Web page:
MDR-TB At Highest Level Yet in 20 Countries
The fourth report of the WHO/International Union Against TB and Lung Disease Global Project on Anti-Tuberculosis Drug Resistance Surveillance found 20 locales where multi-drug resistant TB is at its highest level yet. The earlier studies were done in 1997, 2000, and 2004; 14 of the locales are former Soviet countries, while four others are in China, WHO reported yesterday. Multi-drug resistant TB (MDR-TB) means TB that is resistant to the two most powerful first-line drugs, isoniazid and rifampicin. The 142-page report is available at www.who.int/tb/publications/2008/drs_report4_26feb08.pdf.
The report is based on data collected between 2002 and 2006 on 90,000 TB patients in 81 countries. It says extensively drug-resistant tuberculosis (XDR-TB), which is virtually untreatable, has been recorded in 45 countries but warns that few countries are currently equipped to diagnose XDR-TB, so limited data on cases were available for the report. WHO now estimates there are nearly 500,000 new MDR-TB cases per year -- about 5 percent of 9 million new TB cases of all types. The highest rate was recorded in Baku, the capital of Azerbaijan, where 22.3 percent of all new TB cases were reported as multi-drug resistant.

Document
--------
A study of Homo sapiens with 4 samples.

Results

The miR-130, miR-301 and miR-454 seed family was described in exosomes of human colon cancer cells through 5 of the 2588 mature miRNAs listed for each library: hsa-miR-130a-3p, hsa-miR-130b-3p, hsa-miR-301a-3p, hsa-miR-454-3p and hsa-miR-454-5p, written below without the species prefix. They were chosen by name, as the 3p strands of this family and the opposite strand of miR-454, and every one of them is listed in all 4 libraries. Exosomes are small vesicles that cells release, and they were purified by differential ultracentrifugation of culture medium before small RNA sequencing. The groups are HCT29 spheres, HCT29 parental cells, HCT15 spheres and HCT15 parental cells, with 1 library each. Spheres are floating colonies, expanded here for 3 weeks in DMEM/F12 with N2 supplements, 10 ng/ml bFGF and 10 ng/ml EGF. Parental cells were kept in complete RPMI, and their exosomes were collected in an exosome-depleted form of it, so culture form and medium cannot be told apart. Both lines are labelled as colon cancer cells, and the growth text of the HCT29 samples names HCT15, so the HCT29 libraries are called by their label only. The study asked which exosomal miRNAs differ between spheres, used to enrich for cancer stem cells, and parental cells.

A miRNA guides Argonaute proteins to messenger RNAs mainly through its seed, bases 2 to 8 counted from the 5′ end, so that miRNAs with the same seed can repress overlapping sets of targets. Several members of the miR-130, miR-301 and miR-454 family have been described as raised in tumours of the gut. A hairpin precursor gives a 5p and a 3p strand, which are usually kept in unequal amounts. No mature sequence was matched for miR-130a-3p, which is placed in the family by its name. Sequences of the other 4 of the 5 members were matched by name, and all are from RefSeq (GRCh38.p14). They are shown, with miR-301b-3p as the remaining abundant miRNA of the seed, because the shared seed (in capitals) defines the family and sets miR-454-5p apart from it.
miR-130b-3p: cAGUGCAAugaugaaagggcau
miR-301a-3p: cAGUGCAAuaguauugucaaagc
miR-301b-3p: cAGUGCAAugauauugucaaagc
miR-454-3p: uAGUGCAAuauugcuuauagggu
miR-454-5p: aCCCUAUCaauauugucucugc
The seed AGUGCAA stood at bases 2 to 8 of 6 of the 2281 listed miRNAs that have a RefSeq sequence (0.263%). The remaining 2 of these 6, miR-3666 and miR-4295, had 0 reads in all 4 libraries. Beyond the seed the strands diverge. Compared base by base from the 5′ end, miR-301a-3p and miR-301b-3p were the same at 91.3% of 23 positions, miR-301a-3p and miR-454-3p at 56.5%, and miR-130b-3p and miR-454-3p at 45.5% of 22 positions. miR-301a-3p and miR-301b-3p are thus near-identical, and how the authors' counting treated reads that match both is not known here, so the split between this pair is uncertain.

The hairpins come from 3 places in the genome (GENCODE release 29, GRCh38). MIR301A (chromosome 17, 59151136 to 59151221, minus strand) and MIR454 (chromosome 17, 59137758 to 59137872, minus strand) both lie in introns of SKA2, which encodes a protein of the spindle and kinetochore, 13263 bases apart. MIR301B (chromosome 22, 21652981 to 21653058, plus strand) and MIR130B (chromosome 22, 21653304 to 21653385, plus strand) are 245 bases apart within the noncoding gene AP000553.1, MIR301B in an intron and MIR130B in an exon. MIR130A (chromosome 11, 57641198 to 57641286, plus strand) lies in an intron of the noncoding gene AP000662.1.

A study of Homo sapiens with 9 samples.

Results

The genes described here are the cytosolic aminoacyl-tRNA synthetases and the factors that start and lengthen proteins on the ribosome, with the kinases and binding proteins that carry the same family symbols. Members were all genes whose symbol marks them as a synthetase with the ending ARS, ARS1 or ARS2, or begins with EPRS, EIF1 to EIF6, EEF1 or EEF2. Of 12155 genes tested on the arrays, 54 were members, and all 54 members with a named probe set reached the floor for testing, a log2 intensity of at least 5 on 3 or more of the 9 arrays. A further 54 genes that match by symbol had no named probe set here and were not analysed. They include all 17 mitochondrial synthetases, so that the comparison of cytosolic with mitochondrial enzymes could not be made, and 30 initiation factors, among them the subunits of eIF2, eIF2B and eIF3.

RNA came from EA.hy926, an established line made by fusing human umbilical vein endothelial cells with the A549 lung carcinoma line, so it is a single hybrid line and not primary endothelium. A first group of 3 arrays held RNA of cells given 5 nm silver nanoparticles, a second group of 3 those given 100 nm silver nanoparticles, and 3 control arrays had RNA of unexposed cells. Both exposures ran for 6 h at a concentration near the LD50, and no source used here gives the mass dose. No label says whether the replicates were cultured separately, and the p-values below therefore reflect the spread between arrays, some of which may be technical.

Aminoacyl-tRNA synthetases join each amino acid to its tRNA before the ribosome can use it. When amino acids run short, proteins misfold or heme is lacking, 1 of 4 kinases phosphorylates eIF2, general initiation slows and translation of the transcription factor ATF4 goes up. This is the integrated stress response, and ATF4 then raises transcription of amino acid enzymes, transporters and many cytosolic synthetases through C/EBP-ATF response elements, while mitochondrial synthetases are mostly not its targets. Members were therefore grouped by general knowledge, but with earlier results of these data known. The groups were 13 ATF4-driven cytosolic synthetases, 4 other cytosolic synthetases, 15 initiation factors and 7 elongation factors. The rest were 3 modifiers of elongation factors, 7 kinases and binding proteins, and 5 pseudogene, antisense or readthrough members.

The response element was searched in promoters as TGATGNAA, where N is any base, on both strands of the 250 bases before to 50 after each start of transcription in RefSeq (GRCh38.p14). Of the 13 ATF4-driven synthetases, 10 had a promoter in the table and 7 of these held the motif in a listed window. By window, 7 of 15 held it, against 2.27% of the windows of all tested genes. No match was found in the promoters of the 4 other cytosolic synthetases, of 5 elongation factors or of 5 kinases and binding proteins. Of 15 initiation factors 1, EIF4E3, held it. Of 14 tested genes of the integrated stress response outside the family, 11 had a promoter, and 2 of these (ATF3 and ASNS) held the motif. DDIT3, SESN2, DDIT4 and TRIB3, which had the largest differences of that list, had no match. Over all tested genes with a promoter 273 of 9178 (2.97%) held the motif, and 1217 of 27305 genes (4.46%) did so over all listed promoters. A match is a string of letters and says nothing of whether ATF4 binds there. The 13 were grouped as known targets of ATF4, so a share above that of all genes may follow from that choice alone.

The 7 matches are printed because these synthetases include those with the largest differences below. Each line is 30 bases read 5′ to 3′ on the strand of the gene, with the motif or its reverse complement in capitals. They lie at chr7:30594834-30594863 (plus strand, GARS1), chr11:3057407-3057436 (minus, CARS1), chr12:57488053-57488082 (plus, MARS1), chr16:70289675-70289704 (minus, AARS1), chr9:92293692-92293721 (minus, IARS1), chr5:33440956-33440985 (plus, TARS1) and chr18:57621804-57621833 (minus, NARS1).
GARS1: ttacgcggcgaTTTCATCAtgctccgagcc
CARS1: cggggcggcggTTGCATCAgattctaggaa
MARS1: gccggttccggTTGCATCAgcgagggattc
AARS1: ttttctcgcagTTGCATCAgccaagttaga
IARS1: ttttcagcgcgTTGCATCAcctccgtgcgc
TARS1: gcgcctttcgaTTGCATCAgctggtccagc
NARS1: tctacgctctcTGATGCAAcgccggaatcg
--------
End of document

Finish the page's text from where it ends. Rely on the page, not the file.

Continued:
"TB drug resistance needs a frontal assault. If countries and the international community fail to address it aggressively now, we will lose this battle," said Dr. Mario Raviglione, director of the WHO Stop TB Department. "In addition to specifically confronting drug-resistant TB and saving lives, programs worldwide must immediately improve their performance in diagnosing all TB cases rapidly and treating them until cured, which is the best way to prevent the development of drug resistance."
WHO estimates $4.8 billion is needed for overall TB control in low- and middle-income countries in 2008, with $1 billion for MDR-TB and XDR-TB. Only about half of the needed funding is in place, however.